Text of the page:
A Derry woman who cycled 1400kms around Ireland in 14 days as part of the Cycle Against Suicide has said she is “relieved and overwhelmed” to have completed the mammoth challenge which, she said, was “incredibly tough” at times.
Monica Fee took on the Cycle Against Suicide challenge in memory of her brother, Kieran, who took his own life last year.
Understandably as she faced many miles on the open road, in treacherous weather conditions, the Drumahoe hairdresser said she had to face many of her demons.
With the honesty ‘Derry Journal’ readers have come to expect from Monica’s blog, she said there were times, especially in the earlier stages of the cycle, where she felt she was part of an endurance test and was crippled with homesickness.
“The first two days were fine, as we were cycling back to Derry, but after that - I think I cried from Strabane to Omagh.
“I felt alone - and I think I had to deal with a lot of feelings about Kieran and what had happened.
“I had never been away from my family before - and certainly not for two weeks. And of course I was still grieving and I removed myself from my safety net.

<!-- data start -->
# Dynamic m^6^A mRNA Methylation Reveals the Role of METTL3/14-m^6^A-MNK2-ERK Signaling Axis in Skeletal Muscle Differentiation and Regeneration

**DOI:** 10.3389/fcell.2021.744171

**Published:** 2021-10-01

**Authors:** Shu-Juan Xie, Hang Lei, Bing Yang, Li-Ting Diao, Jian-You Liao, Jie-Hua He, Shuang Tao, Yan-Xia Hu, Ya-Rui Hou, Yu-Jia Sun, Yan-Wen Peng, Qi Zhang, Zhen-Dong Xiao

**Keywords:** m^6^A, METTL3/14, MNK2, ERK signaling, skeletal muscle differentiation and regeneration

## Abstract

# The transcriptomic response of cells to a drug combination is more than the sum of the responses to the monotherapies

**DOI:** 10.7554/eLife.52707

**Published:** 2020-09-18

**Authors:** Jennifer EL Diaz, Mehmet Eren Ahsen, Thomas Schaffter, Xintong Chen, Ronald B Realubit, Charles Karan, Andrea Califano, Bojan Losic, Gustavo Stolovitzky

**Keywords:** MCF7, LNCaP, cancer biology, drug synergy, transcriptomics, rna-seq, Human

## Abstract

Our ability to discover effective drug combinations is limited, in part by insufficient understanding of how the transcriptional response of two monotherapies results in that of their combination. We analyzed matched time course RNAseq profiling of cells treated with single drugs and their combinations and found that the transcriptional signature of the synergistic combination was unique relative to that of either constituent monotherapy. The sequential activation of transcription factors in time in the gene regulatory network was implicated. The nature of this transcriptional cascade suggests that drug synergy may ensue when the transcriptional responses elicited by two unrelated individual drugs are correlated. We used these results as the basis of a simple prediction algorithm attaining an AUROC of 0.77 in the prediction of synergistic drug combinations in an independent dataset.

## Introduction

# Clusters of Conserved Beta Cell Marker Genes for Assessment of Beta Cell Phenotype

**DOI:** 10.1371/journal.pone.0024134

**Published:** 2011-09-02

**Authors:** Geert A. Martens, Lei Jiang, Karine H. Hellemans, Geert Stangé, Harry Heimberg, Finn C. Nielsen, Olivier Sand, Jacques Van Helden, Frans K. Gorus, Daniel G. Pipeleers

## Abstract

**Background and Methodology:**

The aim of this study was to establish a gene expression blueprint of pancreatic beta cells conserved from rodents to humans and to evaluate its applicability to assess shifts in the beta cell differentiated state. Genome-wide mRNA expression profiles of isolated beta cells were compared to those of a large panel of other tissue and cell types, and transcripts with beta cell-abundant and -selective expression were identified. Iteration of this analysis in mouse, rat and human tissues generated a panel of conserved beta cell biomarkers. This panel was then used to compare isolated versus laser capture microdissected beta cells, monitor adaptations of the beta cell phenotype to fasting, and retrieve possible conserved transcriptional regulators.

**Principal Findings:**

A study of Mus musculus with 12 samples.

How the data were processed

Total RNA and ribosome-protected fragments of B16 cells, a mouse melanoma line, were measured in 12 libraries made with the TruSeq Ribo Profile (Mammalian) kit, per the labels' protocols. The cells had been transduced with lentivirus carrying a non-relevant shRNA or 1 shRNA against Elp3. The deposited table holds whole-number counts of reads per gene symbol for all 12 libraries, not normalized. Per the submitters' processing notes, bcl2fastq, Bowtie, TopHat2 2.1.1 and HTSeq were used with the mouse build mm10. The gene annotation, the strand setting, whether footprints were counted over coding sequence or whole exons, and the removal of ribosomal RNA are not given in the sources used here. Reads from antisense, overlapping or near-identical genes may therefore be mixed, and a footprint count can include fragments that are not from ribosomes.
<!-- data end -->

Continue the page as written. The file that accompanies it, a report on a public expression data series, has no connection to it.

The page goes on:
“It wasn’t until I was eight days in, and posted a blog post that things changed.
“One of the other cyclists mentioned the beauty of Mizen Head and I realised I had been treating the whole thing as something to get through - not something to enjoy.
“I made a conscious effort to start enjoying it then - to start noticing the coast, the bluebells, everything around me. And it clicked then.”
With dogged determination Monica was adament she would never get on the bus which supported the cyclists - and she made her way through tough terrains including mountain climbs.
The weather was also, she said, very much against the cyclists.
“The weather was brutal. Most days we were cycling in lashing rain against strong cross winds. Living out of a suitcase with damp and smelly clothes was no fun at all.”
But it was the welcome of the people of Ireland as the team reached every destination, as well as the camaraderie of her fellow cyclists, which kept her going.
“People would come out cheering, playing instruments, welcoming us in and telling us their stories.
“And the other cyclists were always there to keep you going when you had a bad day.”
Most importantly, Monica feels the cycle really does help people tackle the stigma of suicide and help those who are left behind.
“There is no stigma in how Kieran died. He didn’t take his own life.
“His illness took his choice away. It’s so important that we get this message across.”
Monica was greeted at the finish line in Dublin by family and friends including her husband, Adrian, and she decided to spend the night in Dublin to ease her aches and pains.
She said, “I’ve achieved more than myself or anyone could imagine.”